There and Back Again
We left the Castlereagh Highway at Wang shortly after midday – Wang being the local name for the Wallerawang Power Station. Soon after we found ourselves bumping down an unforgiving dirt road beside Long Swamp.
Near Baal Bone, the track had been washed out, so we left the car and headed off on foot for a journey that was thought to take us a few hours. Our destination was Mt McLean – overlooking Gardens of Stone National Park and Pantoneys Crown.
The trip there was mainly up hill and followed a rarely used track along the ridges. The ridge in fact was the point on the Great Dividing Range where a drop of water would either end up in the Turon River, and then the Macquarie-Darling-Murray Rivers – or, it would end up in the Capertee River, then the Colo, Hawkesbury and into the Tasman Sea.
We had an extended break in a large cave while a storm passed – barely counting to 3 at one point after a lightening flash before the thunder bounced in, which placed the strike a kilometre away.
We then began the real assent of Mt McLean. After a few false starts, and clambering over, around and under rocks, we arrived at a very special place.
Aaron and Ian took many photos. When Aaron is taking his 360º panoramas, I assume my “Where’s Wally” role – which I have become quiet adept at.
The trip back was in four parts. Firstly following a trail that had literally been carved out by a motor bike. The track was now being severely eroded by water. The “wounds” showing how fragile this landscape is.
The next part was through canyons and ferns and soaring Eucalypts between the pagodas. I must learn to slow down when going through such enchanting terrain. We then found ourselves in more open woodland, and marvelled at the wildflowers and giant gums.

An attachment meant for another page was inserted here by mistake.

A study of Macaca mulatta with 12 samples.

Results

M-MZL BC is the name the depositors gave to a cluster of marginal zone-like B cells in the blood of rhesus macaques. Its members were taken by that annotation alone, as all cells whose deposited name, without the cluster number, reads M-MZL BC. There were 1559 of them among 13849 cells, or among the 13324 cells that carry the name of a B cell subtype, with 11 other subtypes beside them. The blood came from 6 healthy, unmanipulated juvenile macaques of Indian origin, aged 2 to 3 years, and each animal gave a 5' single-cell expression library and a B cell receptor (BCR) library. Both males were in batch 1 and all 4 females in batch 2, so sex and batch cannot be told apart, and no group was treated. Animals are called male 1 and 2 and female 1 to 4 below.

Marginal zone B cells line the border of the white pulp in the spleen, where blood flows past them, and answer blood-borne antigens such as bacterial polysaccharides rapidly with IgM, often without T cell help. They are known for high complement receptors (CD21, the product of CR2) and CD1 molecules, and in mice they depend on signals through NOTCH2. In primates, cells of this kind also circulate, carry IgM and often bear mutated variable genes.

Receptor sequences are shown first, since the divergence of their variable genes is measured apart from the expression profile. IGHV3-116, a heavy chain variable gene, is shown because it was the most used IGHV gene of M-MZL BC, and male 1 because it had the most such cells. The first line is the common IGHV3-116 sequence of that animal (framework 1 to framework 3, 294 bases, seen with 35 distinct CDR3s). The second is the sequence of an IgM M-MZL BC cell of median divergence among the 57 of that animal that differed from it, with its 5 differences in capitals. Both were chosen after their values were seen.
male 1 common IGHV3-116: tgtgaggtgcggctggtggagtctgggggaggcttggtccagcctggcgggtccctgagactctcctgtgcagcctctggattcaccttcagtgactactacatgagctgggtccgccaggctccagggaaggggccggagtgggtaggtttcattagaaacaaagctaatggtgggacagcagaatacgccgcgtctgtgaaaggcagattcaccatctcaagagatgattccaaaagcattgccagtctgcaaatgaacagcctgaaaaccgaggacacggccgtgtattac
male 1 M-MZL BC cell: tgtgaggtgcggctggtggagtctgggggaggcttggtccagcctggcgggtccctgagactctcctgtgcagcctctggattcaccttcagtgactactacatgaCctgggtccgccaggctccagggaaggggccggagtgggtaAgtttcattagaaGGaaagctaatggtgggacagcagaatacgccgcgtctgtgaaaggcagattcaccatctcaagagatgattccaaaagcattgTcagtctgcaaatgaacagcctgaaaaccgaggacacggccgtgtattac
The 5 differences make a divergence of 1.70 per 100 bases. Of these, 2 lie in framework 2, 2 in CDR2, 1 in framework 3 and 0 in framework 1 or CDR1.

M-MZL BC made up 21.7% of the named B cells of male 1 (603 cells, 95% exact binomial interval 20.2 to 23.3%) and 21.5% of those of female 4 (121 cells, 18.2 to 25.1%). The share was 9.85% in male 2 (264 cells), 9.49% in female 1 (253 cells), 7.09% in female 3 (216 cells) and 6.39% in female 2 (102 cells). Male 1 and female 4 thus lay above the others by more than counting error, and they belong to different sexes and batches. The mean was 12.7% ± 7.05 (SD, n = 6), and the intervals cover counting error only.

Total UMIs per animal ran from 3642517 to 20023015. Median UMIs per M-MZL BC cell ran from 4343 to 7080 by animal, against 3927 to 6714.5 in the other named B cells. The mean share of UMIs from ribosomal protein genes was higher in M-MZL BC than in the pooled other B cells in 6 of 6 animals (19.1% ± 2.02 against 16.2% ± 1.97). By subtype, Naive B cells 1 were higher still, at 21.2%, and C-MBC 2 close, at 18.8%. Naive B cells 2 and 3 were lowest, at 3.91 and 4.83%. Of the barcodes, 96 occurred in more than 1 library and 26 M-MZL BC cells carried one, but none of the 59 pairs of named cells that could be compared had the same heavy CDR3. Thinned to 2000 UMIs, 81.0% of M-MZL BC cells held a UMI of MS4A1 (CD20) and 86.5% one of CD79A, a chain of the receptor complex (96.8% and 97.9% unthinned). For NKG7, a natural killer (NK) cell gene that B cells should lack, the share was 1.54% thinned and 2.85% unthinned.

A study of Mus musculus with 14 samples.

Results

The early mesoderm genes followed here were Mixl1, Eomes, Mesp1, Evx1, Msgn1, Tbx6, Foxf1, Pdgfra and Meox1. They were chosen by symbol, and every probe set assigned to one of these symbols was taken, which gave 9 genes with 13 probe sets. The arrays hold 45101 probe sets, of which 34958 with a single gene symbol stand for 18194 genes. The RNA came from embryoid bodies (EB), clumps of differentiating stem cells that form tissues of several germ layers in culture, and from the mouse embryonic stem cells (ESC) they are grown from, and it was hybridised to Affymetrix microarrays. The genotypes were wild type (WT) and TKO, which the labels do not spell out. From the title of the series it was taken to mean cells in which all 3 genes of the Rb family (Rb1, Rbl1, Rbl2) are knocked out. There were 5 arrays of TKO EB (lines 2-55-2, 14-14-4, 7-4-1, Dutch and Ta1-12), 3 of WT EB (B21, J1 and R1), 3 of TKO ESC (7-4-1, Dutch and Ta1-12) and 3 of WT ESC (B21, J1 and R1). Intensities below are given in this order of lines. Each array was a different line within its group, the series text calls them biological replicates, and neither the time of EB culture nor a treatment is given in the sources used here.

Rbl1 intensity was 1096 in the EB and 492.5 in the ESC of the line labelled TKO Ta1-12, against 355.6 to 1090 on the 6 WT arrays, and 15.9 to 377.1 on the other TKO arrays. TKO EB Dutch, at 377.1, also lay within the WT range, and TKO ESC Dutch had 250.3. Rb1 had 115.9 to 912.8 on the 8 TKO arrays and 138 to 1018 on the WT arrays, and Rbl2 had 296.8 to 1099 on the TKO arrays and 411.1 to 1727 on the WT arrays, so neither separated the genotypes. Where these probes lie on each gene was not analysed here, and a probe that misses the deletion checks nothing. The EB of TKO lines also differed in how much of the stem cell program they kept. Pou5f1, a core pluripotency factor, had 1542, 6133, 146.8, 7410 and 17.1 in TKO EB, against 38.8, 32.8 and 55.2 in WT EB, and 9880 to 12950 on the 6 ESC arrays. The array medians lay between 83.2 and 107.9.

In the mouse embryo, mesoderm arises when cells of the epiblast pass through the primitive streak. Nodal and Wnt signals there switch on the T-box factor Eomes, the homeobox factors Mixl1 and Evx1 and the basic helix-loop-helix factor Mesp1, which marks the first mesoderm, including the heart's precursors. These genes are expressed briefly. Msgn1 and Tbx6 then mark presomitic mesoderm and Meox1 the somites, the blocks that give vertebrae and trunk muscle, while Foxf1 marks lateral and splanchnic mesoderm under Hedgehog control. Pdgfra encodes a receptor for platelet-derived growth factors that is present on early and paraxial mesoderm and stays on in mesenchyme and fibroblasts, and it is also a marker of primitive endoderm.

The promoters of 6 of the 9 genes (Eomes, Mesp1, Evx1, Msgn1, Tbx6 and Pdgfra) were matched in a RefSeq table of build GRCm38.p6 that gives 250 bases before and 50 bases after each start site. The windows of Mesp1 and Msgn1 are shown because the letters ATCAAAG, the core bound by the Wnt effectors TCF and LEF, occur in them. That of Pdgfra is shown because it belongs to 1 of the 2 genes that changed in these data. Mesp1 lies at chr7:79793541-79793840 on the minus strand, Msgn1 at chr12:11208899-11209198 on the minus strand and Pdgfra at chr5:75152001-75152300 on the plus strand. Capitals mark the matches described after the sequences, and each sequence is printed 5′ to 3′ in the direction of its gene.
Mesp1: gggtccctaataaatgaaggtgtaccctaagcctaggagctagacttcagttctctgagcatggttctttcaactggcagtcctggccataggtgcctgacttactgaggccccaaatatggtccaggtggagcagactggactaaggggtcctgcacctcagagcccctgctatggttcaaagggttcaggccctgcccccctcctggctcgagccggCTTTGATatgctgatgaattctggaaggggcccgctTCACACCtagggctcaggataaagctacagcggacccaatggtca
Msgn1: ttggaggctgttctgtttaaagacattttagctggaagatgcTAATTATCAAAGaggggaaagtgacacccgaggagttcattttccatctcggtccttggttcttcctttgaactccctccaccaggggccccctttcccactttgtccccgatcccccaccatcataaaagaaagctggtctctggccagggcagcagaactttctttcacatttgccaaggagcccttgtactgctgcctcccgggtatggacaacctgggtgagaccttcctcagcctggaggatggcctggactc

This ended when we emerged on a fire trail, and we now knew our journey was nearing an end. This is when I wished I had dawdled more when we were in the canyons.
Aaron and Ian stopped regularly to take photos – so Wally went ahead.
It was then, when we were beyond being tired, that the fire trial, tired of meandering left and right, decided to go up, and then up some more. So we trudged on, rounding a bend we found, another hill, and then another.
It was now that our equipment seemed to gain a few more pounds and my body was questioning my sanity. Bodies tend to only like the downhill part of gravity, don’t subscribe to the uphill part.
But we made it to the top and found the turn off to where we had left our car. A deserted bush track that I didn’t recall. Ian reminded me that that was where I put my indicator on as we turned right.
We got back to the car just before night fall – extremely weary, and appreciating that we could sit down all the way home.